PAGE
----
Downtown El Paso used to belong to all El Pasoans.
Sure, there was poverty. But there were also places that rich people could go. Like Cafe Central.
Now, if you’re not well-heeled, where can you go downtown? The Tap?
That’s not cheap.
In contrast, the Mexican Plate #2 at the Mexican Cottage, on the eastern edge of downtown, costs $8, and it includes a enchilada, a taco, and a chile relleno, and I’m sure it comes with rice and beans, though they’re not mentioned on the menu.
The Mexican Plate at the Jalisco Cafe comes with a chile relleno, an enchilada, a taco, red and green chile, and rice and beans for $6. The Jalisco is in Segundo Barrio, less than a mile away from the Tap.
Look, the Tap can charge whatever they want to. I’m just saying that the City’s top down gentrification is making downtown unaffordable for poor people.
Did you know this?
The most highly [economically] segregated metros are actually smaller and medium sized, many of them in Texas. El Paso tops this list, followed by second and third-ranked Laredo and McAllen. College Station comes in sixth place. San Antonio, which is first out of large metros, is eighth overall, and Brownsville is ninth. Outside of Texas, Bridgeport, Connecticut is fourth; Trenton, New Jersey fifth; Memphis eighth; and Jackson, Tennessee tenth.
That quote comes from a 2014 report in CityLab.com on income segregation. I’m sure El Paso is more highly segregated now, but the census data hasn’t been released lately.
(That report, by the way, was written by Richard Florida, whose ideas on the creative class were used to justify these best laid plans. I’m sure he’s waiting to die now so he can roll over in his grave.)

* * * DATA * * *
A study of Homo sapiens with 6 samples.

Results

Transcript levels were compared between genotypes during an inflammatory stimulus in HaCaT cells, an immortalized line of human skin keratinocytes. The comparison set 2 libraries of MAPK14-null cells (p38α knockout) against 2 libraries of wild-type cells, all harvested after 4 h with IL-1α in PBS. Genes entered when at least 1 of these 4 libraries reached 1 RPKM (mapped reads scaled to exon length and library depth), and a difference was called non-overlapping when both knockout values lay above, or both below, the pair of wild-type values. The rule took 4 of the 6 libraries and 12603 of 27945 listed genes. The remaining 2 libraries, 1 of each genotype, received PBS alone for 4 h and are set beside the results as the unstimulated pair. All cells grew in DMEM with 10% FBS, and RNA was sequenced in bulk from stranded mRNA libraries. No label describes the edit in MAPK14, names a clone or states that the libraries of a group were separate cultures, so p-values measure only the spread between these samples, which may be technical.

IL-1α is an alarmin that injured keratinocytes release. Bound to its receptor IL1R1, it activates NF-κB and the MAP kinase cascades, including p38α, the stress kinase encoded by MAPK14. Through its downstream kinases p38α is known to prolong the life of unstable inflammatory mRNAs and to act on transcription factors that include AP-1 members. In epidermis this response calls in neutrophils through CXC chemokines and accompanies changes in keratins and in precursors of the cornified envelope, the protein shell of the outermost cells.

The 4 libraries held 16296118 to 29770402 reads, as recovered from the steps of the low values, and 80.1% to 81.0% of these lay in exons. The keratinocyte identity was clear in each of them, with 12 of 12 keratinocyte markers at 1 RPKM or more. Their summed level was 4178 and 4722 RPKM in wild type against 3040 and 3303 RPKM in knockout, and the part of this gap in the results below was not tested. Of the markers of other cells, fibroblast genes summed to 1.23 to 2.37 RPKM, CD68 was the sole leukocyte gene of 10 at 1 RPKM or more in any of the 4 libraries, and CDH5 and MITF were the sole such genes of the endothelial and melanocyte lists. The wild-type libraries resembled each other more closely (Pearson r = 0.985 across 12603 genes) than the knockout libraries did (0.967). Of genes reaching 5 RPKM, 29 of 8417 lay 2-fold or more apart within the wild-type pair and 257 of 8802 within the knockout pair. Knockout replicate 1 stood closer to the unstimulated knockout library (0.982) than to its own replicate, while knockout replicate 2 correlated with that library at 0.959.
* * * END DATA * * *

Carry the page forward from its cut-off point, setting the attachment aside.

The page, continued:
The rich people weren’t satisfied with the west side. They wanted downtown, too. So they bought City Council, and hired a City Manager who would give it to them.
The City of El Paso declared (economic) war on poor people, which is weird, because El Paso is poor.
The unfortunate thing is that the west siders aren’t making the pilgrimage to downtown. They’re eating at Avila’s (one taco, one chile relleno, one enchilada and rice and beans for $11.49).
Maybe you’re thinking, yeah, the rich people have taken over downtown, but at least they’re paying higher property taxes, which goes into the General Fund, and helps ease the tax burden on the rest of us. You might think that, but you’d be wrong. Some of the new development downtown got 380 agreements, which reduce their tax obligations for years. But even that doesn’t matter, because downtown is covered by Tax Increment Reinvestment Zone 5, which means that the money from any increase in property taxes downtown stays downtown. They get to spend that money on improvements to the downtown infrastructure.
At least the trolley’s free. For now. You can look at all the pretty buildings downtown through the trolley’s tinted windows.